Fun: The Missing Ingredient
Online games make school relevant and engaging.
We have an epidemic of boredom in many of our traditional schools in America. According to the most recent High School Survey of Student Engagement, a full two-thirds of American youth report being bored in class. Yet, those same students who are tuning out in the classroom are turning on to video games and other forms of digital media outside of school. Based on data from the Entertainment Software Association (ESA), 46 million kids between the ages of 5 and 17 are gaming (along with 50 percent of their parents). Why are online games so popular? The short answer is they are fun and engaging.
So what if we could make school relevant, and excite kids to learn while building important skills in our future workforce? What if we could make learning science, technology, engineering, and math (STEM) fun? According to the National Science Foundation’s estimate, 80 percent of the jobs created in the next decade will require science and math skills.
For AMD and other technology companies, engineers are our lifeblood and the brains behind our technological innovations. And STEM is their oxygen. Because of that, the AMD Foundation launched an education initiative in 2008 called AMD Changing the Game. The global program is designed to excite kids to learn by enabling them to create their own video games on social issues, such as health and the environment. In the process, they learn problem solving, critical thinking, language skills, teamwork, and the all-important STEM skills. They also become more globally aware. Even better, they get so engaged in the game development process that they don’t realize they are learning. We call that “stealth learning.”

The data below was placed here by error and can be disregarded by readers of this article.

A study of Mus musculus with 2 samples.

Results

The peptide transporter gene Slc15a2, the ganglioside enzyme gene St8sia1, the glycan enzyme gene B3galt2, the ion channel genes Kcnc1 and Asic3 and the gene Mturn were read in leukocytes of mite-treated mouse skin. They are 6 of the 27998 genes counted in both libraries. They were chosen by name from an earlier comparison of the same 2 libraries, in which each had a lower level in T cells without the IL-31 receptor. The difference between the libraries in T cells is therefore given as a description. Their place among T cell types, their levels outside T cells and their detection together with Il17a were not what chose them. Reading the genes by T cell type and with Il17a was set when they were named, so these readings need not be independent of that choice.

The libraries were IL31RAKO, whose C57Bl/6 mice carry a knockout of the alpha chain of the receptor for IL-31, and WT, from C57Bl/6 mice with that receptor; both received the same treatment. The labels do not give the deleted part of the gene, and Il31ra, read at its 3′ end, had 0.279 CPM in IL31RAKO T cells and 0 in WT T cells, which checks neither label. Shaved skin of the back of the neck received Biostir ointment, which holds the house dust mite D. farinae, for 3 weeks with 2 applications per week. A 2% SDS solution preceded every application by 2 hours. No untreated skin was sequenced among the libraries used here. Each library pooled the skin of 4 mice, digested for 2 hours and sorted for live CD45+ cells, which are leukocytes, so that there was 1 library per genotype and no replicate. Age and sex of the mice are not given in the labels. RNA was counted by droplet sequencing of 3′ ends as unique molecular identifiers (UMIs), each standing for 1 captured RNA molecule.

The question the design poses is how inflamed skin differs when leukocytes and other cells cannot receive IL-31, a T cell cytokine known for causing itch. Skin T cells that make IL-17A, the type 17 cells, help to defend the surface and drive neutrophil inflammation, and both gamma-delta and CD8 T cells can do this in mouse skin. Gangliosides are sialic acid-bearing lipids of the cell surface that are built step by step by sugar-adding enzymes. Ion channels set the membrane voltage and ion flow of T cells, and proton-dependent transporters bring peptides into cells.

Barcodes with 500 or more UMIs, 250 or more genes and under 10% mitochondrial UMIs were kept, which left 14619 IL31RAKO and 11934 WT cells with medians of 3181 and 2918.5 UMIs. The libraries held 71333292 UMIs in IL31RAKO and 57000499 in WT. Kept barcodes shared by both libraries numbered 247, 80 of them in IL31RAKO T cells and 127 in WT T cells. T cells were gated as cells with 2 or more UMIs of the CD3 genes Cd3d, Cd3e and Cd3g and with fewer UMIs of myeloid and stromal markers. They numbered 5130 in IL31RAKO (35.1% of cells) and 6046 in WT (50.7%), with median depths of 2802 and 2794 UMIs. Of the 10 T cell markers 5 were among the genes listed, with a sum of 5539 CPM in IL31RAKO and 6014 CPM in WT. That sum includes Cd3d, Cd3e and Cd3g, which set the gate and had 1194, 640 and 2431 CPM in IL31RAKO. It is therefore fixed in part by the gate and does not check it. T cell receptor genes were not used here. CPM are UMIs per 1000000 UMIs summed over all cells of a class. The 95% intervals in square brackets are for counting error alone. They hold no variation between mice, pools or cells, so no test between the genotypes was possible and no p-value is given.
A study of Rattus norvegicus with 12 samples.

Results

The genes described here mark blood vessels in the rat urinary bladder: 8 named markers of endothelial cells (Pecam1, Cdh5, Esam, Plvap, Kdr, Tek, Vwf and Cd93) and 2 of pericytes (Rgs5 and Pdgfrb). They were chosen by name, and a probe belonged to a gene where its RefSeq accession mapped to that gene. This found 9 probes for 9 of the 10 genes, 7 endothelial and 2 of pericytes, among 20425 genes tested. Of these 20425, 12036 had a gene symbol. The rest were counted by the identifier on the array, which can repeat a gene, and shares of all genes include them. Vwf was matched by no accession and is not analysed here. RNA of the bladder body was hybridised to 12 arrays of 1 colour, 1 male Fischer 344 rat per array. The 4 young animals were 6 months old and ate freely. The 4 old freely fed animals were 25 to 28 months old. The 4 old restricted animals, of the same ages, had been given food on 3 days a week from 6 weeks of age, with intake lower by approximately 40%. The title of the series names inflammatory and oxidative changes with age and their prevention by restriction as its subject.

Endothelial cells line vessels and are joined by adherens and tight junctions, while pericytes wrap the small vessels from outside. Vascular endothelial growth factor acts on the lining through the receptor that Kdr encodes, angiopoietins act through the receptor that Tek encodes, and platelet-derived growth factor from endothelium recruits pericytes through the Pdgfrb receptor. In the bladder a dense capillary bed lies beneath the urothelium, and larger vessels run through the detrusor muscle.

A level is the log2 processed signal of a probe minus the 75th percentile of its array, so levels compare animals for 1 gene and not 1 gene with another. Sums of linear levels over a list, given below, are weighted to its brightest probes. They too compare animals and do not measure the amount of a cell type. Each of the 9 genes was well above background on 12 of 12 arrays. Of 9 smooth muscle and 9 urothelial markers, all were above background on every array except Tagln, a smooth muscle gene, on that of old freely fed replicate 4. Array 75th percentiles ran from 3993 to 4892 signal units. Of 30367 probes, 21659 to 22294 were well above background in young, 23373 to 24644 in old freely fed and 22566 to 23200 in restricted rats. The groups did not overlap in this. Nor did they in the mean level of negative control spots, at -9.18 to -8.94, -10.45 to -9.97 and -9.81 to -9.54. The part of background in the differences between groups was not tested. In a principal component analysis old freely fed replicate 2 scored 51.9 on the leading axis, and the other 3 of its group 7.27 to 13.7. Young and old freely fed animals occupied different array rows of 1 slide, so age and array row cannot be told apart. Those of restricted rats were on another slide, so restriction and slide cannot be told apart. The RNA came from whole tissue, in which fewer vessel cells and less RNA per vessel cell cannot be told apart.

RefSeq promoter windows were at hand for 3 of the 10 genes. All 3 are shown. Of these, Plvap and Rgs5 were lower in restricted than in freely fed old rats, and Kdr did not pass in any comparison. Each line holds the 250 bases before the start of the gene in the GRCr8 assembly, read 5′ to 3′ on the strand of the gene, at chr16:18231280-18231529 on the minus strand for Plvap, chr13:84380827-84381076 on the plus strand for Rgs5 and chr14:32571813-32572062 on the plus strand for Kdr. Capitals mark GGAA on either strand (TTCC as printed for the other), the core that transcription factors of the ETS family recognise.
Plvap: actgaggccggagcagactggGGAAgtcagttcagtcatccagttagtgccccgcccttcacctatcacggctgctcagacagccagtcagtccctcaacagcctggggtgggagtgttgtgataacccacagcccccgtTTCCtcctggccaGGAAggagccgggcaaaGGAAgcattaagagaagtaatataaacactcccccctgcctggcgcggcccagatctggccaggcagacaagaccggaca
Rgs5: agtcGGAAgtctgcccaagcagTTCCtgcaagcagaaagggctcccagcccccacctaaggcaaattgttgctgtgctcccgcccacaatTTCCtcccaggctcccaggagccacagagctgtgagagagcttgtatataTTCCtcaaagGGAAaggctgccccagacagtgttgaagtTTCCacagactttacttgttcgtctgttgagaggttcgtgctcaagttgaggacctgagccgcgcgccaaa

Since launching the initiative, we’ve reached 75,000 students in 6 countries, with more than 7,500 games created by students ages 12 to 18. We’ve experimented with a number of formats, including in-school classes, after school programs, summer camps, online portals, and competitions. It turns out that all of them can work, which makes the program highly flexible.
Another successful initiative is the National STEM Video Challenge, which launched last year in conjunction with President Obama’s Digital Promise Initiative. Sponsors of the Challenge include the Joan Ganz Cooney Center at Sesame Workshop, E-Line Media, the Entertainment Software Association, Microsoft’s Xbox 360, and CPB-PBS Kids-Ready-to-Learn Initiative. This impressive group of forward-thinking organizations understands that game design and STEM learning is a winning combination. The Challenge received more than 3,700 game submissions representing a seven-fold increase in entries compared to last year. In many cases, teachers signed up entire classes to take the Challenge and integrated the game design effort into their coursework. I was fortunate enough to attend the awards ceremony at the Smithsonian American Art Museum, where 28 middle- and high-school student winners from 11 states and the District of Columbia were celebrated for their accomplishments and creativity.
It was truly amazing to see the quality of games created by this new cadre of potential engineers and scientists who already know that STEM can be fun!
“We worked so hard on the game [submission for the National STEM Video Game Challenge],” said Julia Weingaertner, an eighth grader at Stuart Country Day School of the Sacred Heart in New Jersey and one of the winners of the Challenge. “And then to see it actually working … it was really cool.”